The past year has provided challenges and opportunities to U.S. citizens as consumers, investors, workers, and families. Below are ten lessons that can be learned from recent events:
The financial markets are resilient--Consistent with other disastrous events in U.S. history (e.g., Kennedy assassination and Pearl Harbor), major market losses occurred immediately following the September 11 terrorist attacks. While this was a frightening time for investors, it was also a time to "hang tough" and continue to buy securities when it appeared that the rest of the world was selling out. Eventually the financial markets rebound and some of the biggest gains follow the largest losses. For example, the S & P 500 stock index rose 37.2% in 1975 after the recession of 1973-74.
People are resilient--This was demonstrated by many WTC victim survivors. Resilience to handle unexpected events is increased by developing various "coping resources" including an emergency fund of 3 to 6 months expenses; job skills; adequate health and life insurance; organized financial records; community services; and good relationships with neighbors, family, and friends.
Market timing is futile--It is impossible to consistently guess the highs and lows of the stock market so don't even try. Instead, keep investing regular amounts in both bull (up) and bear (down) markets. You need to be in the stock market over long time periods to reap its rewards.
Uncertainty "comes with the territory"--You can't invest, particularly in stocks, with a "CD mentality." In other words, investors must expect to lose principal sometimes or to see a loss or reduction in earnings. Investments are inherently volatile and unpredictable in the short-term.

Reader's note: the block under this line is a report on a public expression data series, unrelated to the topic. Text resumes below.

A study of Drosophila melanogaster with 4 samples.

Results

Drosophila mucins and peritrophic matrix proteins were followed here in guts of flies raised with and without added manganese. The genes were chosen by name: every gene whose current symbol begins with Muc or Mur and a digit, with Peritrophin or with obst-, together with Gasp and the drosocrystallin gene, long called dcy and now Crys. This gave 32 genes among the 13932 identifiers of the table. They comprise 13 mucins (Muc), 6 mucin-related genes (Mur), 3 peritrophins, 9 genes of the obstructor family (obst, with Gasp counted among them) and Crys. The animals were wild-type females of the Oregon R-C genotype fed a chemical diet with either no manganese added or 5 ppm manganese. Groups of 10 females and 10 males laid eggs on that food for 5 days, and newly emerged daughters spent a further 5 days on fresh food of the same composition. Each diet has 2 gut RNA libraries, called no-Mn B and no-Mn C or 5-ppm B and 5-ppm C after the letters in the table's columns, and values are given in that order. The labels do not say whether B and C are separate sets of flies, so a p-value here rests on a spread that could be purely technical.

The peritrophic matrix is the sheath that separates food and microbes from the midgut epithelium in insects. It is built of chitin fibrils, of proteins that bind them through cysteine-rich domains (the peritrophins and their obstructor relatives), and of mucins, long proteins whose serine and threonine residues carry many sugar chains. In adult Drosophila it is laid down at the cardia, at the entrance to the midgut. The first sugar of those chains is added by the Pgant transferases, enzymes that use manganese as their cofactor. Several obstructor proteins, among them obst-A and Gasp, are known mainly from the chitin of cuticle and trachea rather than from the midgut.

A loss is a loss only if you sell--A "paper loss," such as a declining mutual fund account balance on quarterly statements, is a temporary thing. An account's value will continue to change with market conditions. If you panic and sell during a downturn, however, you've lost real money.
Portfolio rebalancing today means buying stock--During the late 1990s, investors probably had to sell stock to keep their asset allocation percentages in line. That's because rising stock prices over-weighted this asset class. Today, it's just the reverse. Investors may need to buy more stock to keep the stock portion of their portfolio at its previous level.
Dollar-cost averaging takes the emotion out of investing--If investments are made regularly on an automated basis (e.g., bi-weekly 401(k) plan deposits), shares are bought during good times and bad. Otherwise, many people would not have the courage to invest during market downturns.
Bear markets are a true test of risk tolerance--It is easy to be an aggressive investor when stock indices are up 20% like they were during 1995-99. The last 18 months have been a true test of investors' sensitivity to loss. It is important to "follow your gut." Don't panic and sell, however. Instead, you might want to gradually reduce the stock portion of your portfolio.
Take care of estate planning basics--Life is precious and can be cut short tragically and unexpectedly. Don't make things worse for your survivors. Prepare a will and living will and purchase adequate life and disability insurance. Don't rely solely on employer benefits.
Employer matching cushions retirement plan losses--A 50-cent match for every dollar invested in a 401(k) plan is a 50% return on your money. It's like you're playing with the "house's money" in a casino. You need to lose a lot before you start losing your own money. Try to invest the amount needed (e.g., 6% of pay) to earn the maximum match from your employer.